Biden Shouldn't Ignore the Perils of Ideological Competition | Opinion

One of the Biden administration's favorite foreign policy themes—right up alongside developing a "foreign policy for the middle class"—is that the United States, its partners and allies are waging an ideological battle with authoritarian powers over the future of the global order.

Writing in the Washington Post before his first overseas trip in June, President Joe Biden reiterated the point. In his view, democracies need to prove to the world they are united, equipped and skilled enough to deal with the multitude of challenges defining the 21st century. "Everyone at the table understood and understands both the seriousness and the challenges that we are up against and the responsibility of our proud democracies to step up and deliver to the rest of the world," the president told reporters after the G7 summit.

But is basing U.S. foreign policy on an ideological struggle really the most effective course of action?

The democracy-versus-autocracy framework the Biden administration continues to employ is an attempt to make neat, orderly sense out of a highly complex world. But its assumption that states are driven by a governing philosophy rather than the basic quest for security and power is overly simplistic.

If political systems were the main organizing principle of how states behave, every democracy on the planet would theoretically share a common set of goals. Establishing a unitary democratic consensus on China, Russia or anything else would be a straightforward proposition. Unfortunately, this is hardly the case in reality. The game of geopolitics isn't a neat and tidy mathematical equation. As President Biden and Secretary of State Antony Blinken experienced first-hand during their respective trips to Europe, the U.S. can't just snap its fingers and assume its democratic allies and partners will follow Washington's lead or preferences.

Antony Blinken and Angela Merkel
German Chancellor Angela Merkel (R) and US Secretary of State Antony Blinken during a joint press conference at the Chancellery on June 23, 2021 in Berlin, Germany. U.S. Secretary of State Antony Blinken is on his second visit to Europe, following his trip to Britain and Belgium with President Joe Biden. Following his German trip, Blinken will next travel to Paris, Rome, the Vatican, Bari, and Matera, as part of his weeklong tour. Clemens Bilan - Pool/Getty Images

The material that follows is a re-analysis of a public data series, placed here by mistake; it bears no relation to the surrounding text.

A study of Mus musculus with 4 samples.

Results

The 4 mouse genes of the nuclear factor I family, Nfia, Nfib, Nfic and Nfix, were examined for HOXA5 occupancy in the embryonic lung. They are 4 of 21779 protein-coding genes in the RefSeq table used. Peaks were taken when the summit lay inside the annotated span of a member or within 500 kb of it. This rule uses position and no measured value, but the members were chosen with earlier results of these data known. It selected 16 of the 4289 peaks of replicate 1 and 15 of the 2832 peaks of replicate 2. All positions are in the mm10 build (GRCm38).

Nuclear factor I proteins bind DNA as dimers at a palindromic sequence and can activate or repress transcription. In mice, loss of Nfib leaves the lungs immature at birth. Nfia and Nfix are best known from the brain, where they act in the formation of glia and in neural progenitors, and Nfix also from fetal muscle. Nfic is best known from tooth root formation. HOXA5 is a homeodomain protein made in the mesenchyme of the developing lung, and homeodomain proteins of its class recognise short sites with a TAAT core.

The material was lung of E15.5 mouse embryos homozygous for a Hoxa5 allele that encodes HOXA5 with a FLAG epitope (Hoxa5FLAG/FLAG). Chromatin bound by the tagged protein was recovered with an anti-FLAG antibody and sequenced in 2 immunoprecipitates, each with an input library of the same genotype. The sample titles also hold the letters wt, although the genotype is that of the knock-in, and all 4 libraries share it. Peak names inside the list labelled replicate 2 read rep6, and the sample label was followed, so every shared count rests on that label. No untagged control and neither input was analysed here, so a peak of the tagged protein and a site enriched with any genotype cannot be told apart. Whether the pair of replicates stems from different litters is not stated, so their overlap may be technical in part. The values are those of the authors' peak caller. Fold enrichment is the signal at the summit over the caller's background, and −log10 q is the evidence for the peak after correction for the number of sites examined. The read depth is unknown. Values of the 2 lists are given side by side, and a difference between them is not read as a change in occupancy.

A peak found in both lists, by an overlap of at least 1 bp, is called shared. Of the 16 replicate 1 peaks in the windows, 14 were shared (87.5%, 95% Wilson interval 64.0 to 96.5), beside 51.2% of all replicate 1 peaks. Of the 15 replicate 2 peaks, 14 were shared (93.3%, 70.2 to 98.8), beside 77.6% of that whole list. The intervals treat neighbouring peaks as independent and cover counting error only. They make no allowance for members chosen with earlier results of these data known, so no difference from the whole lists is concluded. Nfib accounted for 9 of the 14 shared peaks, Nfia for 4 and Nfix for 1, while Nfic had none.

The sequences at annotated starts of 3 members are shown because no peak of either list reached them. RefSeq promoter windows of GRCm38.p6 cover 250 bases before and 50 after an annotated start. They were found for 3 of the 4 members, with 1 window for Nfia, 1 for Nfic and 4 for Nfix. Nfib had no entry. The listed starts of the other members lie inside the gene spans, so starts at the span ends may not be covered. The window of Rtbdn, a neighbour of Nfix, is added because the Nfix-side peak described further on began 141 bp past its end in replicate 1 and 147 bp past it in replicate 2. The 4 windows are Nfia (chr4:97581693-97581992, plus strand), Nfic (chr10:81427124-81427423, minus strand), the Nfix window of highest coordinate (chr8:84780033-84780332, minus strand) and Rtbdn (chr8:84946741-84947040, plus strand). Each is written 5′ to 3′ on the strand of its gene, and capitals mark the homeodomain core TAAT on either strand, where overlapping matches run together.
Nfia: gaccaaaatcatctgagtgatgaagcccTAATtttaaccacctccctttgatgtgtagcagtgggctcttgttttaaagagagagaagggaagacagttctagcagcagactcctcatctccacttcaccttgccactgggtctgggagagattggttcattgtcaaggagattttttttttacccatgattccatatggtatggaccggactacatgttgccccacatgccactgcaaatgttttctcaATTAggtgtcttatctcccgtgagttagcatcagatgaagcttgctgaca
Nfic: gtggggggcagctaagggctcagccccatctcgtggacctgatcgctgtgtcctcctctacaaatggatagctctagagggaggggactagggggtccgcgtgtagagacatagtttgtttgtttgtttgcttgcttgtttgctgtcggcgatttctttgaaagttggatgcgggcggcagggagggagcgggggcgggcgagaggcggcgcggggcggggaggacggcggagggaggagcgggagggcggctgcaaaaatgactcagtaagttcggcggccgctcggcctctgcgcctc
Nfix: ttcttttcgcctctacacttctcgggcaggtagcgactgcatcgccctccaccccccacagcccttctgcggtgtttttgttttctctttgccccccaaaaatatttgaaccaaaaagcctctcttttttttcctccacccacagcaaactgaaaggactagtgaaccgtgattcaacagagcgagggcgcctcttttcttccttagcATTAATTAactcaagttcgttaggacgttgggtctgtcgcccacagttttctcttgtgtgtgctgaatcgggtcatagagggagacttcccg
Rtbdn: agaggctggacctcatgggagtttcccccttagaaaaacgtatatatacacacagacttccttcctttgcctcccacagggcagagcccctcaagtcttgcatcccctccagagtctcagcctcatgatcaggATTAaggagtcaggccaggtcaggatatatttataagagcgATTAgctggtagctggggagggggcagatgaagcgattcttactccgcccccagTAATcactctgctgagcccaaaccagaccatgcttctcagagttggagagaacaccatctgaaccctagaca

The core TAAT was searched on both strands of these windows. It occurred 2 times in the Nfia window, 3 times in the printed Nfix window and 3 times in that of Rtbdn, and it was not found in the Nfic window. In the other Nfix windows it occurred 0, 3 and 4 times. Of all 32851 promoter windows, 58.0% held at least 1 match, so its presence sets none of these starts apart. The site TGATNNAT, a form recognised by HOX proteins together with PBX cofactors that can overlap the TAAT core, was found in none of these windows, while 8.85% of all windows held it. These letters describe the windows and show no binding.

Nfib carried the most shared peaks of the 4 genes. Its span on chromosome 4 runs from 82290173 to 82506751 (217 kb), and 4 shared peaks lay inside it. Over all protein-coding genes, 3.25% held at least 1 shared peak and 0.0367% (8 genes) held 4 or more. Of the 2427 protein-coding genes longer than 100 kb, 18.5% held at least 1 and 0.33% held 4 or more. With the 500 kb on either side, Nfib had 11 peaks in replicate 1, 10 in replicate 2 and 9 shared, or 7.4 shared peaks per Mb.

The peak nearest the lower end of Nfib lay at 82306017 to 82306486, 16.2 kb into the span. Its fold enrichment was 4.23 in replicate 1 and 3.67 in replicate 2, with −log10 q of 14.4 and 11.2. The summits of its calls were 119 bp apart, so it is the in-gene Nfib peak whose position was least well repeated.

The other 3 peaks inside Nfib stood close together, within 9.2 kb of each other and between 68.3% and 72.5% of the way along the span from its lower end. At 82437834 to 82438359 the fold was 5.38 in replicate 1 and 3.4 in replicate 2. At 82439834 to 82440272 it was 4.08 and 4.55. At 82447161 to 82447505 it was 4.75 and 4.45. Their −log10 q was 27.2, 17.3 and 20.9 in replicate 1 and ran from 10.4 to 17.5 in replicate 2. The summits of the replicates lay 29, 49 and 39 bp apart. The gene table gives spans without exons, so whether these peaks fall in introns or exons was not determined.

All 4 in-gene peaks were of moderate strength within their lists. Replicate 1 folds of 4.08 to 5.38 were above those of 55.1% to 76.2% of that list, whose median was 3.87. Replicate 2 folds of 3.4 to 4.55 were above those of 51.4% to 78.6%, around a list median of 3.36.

Statements of resolve from NATO and the G7 notwithstanding, it's abundantly clear that democracies are not in sync with regard to some of the issues that dominate world affairs today. While Germany, France and Italy are indeed concerned about Beijing's predatory behavior, none seem particularly interested in joining a U.S.-led global coalition against China. France's Emmanuel Macron scoffed at the idea of NATO turning its attention away from the North Atlantic and toward China as a primary security concern. Germany has no intention of jeopardizing its $253 billion trade relationship with China. In short: even democracies disagree on tactics and strategy.

One gets the sense that Biden administration officials relish the ideological competition. But it's an open question as to whether full-bore ideological campaigns against non-democracies are actually effective. In fact, such a paradigm is a gift to Vladimir Putin and Xi Jinping, both of whom are masters at weaving narratives of a mischievous, bullying U.S. seeking to subvert Russia and China. Writing in Foreign Affairs last month, Thomas Pepinsky and Jessica Chen Weiss explained that preaching to China about democratic values and organizing coalitions to change its behavior provides the Chinese Communist Party with a perfect opportunity to further its own uber-nationalistic narratives about the dangers of Western encroachment. Putin, facing a mediocre economy and a spike in COVID-19 infections, would like nothing more than to change the subject and use the United States as a distraction. Washington is in essence giving the CCP and Putin an assist.

Finally, putting ideology at the forefront of U.S. foreign policy can have adverse practical effects. It can render cooperation with autocratic systems more difficult than it needs to be. The Biden administration has talked a good game about collaborating with Russia and China on shared problems. It was only several weeks ago that Biden met with Putin in Geneva for an hours-long sit down in which they committed to a new (and much needed) strategic stability dialogue.

Yet conversations that paint international relations as a contest between good and evil undermine this type of pragmatic cooperation. Compromise is hard to come by in this environment. Avenues for dialogue are constricted. Confrontation becomes the default option, while pragmatism is treated as weak or reckless. How could the Biden administration justify working with Beijing on anything of consequence if it simultaneously talks about China as the principal threat to the so-called rules-based international order? How could Xi, whose "wolf warrior" diplomats are on constant guard for the slightest rhetorical punch, explain to other members of the CCP Politburo that it's in China's interests to work with a country that appears intent on full-blown containment?

It's often said that U.S. values are identical to U.S. interests. Unfortunately, geopolitics can be cutthroat and Machiavellian. The Biden administration would be wise to deal with the world as it is instead of manufacturing a potentially dangerous clash of ideals that creates the very problems the U.S. wants to prevent.

Daniel R. DePetris is a fellow with the Defense Priorities think tank, columnist at the Washington Examiner and a contributor to The National Interest.

The views expressed in this article are the writer's own.